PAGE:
May 9, 2022
U.S. average for trucking’s main fuel jumps another 11.4 cents to a never-before-seen $5.623 per gallon—setting the record level for the second straight week.

The nationwide average price for diesel fuel set a record for the second straight week, rising 11.4 cents to $5.623 per gallon for the week of May 9, according to newly released government data.

Trucking’s main fuel has risen 46.3 cents in just two weeks and sits now at $2.437 more per gallon than a year ago, according to the new U.S. Energy Information Administration (EIA) data.

Though AAA is focused on skyrocketing gasoline prices, the motor club also is tracking diesel prices—and doing so daily, whereas the EIA releases its data weekly. AAA’s daily U.S. average had diesel at below the EIA number at $5.540 on May 9, up a tick from the day before.

See also:  U.S. average diesel price shatters all-time high

The two-week surge reported by EIA is particularly striking on the East Coast, where diesel has gone up almost 70 cents in that time. Overall, along the East Coast, trucking’s main fuel was up 20.6 cents to $5.907 over EIA’s week of May 2 data. The subregions of New England and the Central Atlantic both saw jumps of 23.8 cents, to $6.339 per gallon in New England and $6.318 in the Central Atlantic. Diesel in the Lower Atlantic, another East Coast subregion, rose 17.9 cents to $5.580, according to the EIA data for the week of May 2.

Elsewhere, diesel rose 5 cents on the West Coast to $6.071 per gallon; in California—traditionally the most expensive—it was up 4.9 cents to $6.461 per gallon. The trucking fuel was up 12.9 cents along the Gulf Coast (to $5.339 per gallon), up 5.7 cents in the Midwest (to $5.386), and 5.5 cents higher in the Rocky Mountain region (to $5.461), according to the EIA data.

The news wasn't any better on May 9 for consumers. Gasoline surged 14.6 cents nationwide over the May 2 average to $4.328 per gallon, according to EIA. That's a 22.1-cent increase for gas over the last two weeks. The biggest jump for consumer fuel in any region or subregion occurred in the Central Atlantic, which saw gas rise 20.7 cents to $4.473 per gallon, followed by New England, where it surged 19 cents to $4.364, EIA says.

AAA has the May 10 nationwide average for regular gasoline at 46 cents higher than EIA on May 9 at $4.374, midgrade at $4.724, and premium at $5.011 per gallon.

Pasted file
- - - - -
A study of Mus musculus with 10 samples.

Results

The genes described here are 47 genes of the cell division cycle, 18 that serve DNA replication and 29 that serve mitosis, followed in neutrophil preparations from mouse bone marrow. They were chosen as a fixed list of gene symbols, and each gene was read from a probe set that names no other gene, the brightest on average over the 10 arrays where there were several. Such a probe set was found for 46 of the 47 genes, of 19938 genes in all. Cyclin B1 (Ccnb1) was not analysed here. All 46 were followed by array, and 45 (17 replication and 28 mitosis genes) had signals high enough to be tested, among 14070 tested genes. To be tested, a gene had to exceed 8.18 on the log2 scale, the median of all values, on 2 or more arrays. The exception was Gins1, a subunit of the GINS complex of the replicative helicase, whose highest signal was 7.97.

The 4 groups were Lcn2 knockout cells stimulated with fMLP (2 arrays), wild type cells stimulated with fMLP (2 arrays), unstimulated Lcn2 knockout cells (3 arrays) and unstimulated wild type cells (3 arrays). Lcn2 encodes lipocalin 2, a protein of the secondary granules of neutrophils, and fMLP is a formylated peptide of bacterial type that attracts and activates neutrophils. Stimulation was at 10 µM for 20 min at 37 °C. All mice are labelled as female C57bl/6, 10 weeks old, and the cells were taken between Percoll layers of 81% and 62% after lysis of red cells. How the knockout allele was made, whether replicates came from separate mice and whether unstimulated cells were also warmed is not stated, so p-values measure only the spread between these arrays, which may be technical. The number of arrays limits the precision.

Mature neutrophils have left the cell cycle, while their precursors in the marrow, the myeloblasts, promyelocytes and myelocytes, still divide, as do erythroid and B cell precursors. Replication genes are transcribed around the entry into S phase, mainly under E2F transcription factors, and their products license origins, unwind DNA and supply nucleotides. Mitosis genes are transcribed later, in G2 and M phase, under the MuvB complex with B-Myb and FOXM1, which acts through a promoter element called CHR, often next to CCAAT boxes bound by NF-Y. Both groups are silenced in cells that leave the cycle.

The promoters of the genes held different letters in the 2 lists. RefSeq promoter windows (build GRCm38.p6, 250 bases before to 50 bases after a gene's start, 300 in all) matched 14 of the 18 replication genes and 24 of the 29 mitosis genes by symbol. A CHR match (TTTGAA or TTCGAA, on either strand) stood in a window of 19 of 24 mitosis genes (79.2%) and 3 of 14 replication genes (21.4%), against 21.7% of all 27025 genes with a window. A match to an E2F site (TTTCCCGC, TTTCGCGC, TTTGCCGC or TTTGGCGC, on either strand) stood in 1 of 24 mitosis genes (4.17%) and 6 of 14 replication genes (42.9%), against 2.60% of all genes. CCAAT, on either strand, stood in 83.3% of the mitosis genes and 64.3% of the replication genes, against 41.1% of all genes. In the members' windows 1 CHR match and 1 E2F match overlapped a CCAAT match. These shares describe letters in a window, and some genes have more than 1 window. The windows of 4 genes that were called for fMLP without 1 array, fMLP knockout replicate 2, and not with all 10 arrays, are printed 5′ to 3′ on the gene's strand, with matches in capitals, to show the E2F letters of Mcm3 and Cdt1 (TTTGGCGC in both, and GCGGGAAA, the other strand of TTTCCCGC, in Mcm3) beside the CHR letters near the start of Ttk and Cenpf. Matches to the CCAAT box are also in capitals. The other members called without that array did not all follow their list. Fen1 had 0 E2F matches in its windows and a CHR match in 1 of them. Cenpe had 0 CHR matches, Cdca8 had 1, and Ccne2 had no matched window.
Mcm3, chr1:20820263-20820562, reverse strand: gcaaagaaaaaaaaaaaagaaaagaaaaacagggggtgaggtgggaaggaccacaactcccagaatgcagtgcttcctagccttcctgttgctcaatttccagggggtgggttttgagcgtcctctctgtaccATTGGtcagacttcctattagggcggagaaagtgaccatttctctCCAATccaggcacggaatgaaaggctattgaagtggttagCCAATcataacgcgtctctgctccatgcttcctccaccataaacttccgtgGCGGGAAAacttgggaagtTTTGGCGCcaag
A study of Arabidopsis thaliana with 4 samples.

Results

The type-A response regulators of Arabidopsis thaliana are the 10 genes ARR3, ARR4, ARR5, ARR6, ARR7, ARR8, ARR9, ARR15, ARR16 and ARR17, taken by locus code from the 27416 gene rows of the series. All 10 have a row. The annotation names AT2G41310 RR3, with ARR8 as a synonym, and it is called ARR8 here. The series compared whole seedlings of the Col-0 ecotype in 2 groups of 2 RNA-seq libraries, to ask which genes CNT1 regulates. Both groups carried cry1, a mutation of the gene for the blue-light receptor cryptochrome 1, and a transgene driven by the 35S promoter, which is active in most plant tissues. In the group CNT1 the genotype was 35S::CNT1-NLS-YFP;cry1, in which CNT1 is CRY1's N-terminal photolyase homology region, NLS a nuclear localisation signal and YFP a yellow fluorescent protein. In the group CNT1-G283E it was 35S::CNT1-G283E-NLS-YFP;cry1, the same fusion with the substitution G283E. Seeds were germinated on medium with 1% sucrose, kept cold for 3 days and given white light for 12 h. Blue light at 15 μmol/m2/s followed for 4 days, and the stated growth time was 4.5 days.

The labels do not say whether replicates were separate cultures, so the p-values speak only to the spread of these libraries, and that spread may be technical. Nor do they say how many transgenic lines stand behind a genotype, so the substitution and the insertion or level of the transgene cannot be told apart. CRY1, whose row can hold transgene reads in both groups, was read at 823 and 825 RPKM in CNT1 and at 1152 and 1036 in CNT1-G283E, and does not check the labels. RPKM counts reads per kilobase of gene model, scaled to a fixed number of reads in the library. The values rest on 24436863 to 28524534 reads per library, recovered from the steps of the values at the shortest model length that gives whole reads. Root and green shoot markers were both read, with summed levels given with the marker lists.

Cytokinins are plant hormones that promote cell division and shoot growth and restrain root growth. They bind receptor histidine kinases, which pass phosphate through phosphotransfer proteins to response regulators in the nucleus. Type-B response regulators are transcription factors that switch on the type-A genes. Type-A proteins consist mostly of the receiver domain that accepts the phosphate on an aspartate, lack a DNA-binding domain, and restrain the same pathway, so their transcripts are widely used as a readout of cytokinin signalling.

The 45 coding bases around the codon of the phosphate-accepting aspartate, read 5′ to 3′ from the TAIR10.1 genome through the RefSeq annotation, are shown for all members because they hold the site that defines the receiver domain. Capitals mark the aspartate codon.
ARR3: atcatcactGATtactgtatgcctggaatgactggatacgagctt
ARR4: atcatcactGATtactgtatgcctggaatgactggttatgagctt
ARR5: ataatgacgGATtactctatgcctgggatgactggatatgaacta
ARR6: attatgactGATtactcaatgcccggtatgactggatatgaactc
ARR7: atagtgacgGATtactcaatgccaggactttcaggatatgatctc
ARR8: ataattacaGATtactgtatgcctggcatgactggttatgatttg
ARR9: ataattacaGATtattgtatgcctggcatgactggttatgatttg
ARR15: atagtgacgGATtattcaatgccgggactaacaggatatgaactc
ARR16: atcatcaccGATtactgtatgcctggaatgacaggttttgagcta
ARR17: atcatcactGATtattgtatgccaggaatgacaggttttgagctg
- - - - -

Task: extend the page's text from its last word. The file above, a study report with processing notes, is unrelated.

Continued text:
Diesel inventories at a 16-year low; oil companies report soaring profits

Though the weeks-old Russian invasion of Ukraine shocked the oil and distillate markets in March and April, stakeholders inside and outside the trucking industry have been searching for answers as to why prices keep setting records and asking when the pain might subside. Announcements by nations about measures to penalize Russia and its energy interests for the invasion have largely subsided, though the E.U. still is trying to push through a  Russian oil embargo.

The historically high prices for diesel might be coming down to simple supply and demand.

Indicators have shown for months that demand for trucking’s main fuel remains high in an overheated economy and booming ecommerce. But now, plummeting stockpiles of diesel appear to be adding pressure, according to Financial Times, which reports diesel inventories are at their lowest since 2006.

The same story notes that oil refiners are enjoying a surge in profits. More reporting by FleetOwner’s sister publication, Oil & Gas Journal, sees oil company earnings starting to benefit greatly.

ConocoPhillips reported increases in earnings, production, and shareholder returns while Shell reported its highest quarterly profit since 2008 in the first quarter of 2022 with $9.1 billion in adjusted earnings, according to Oil & Gas Journal.

Also stressing the market is the price of crude oil, which again is solidly above $100 per barrel, headed toward the highs of $115 to $117 of a few weeks ago and perhaps beyond. A year ago, oil was about  $65 per barrel, according to EIA.

There aren't any indicators to show that trucking companies and independent operators might get some relief from soaring diesel prices. And as the summer travel season begins, the high-price fever might not break until fall.

About the Author

Scott Achelpohl | Managing Editor

I'm back to the trucking and transportation track of my career after some time away freelancing and working to cover the branches of the U.S. military, specifically the U.S. Navy, U.S. Marine Corps, and the U.S. Coast Guard. I'm a graduate of the University of Kansas and the William Allen White School of Journalism there with several years of experience inside and outside business-to-business journalism. I'm a wordsmith by nature, and I edit FleetOwner magazine and our website as well as report and write all kinds of news that affects trucking and transportation.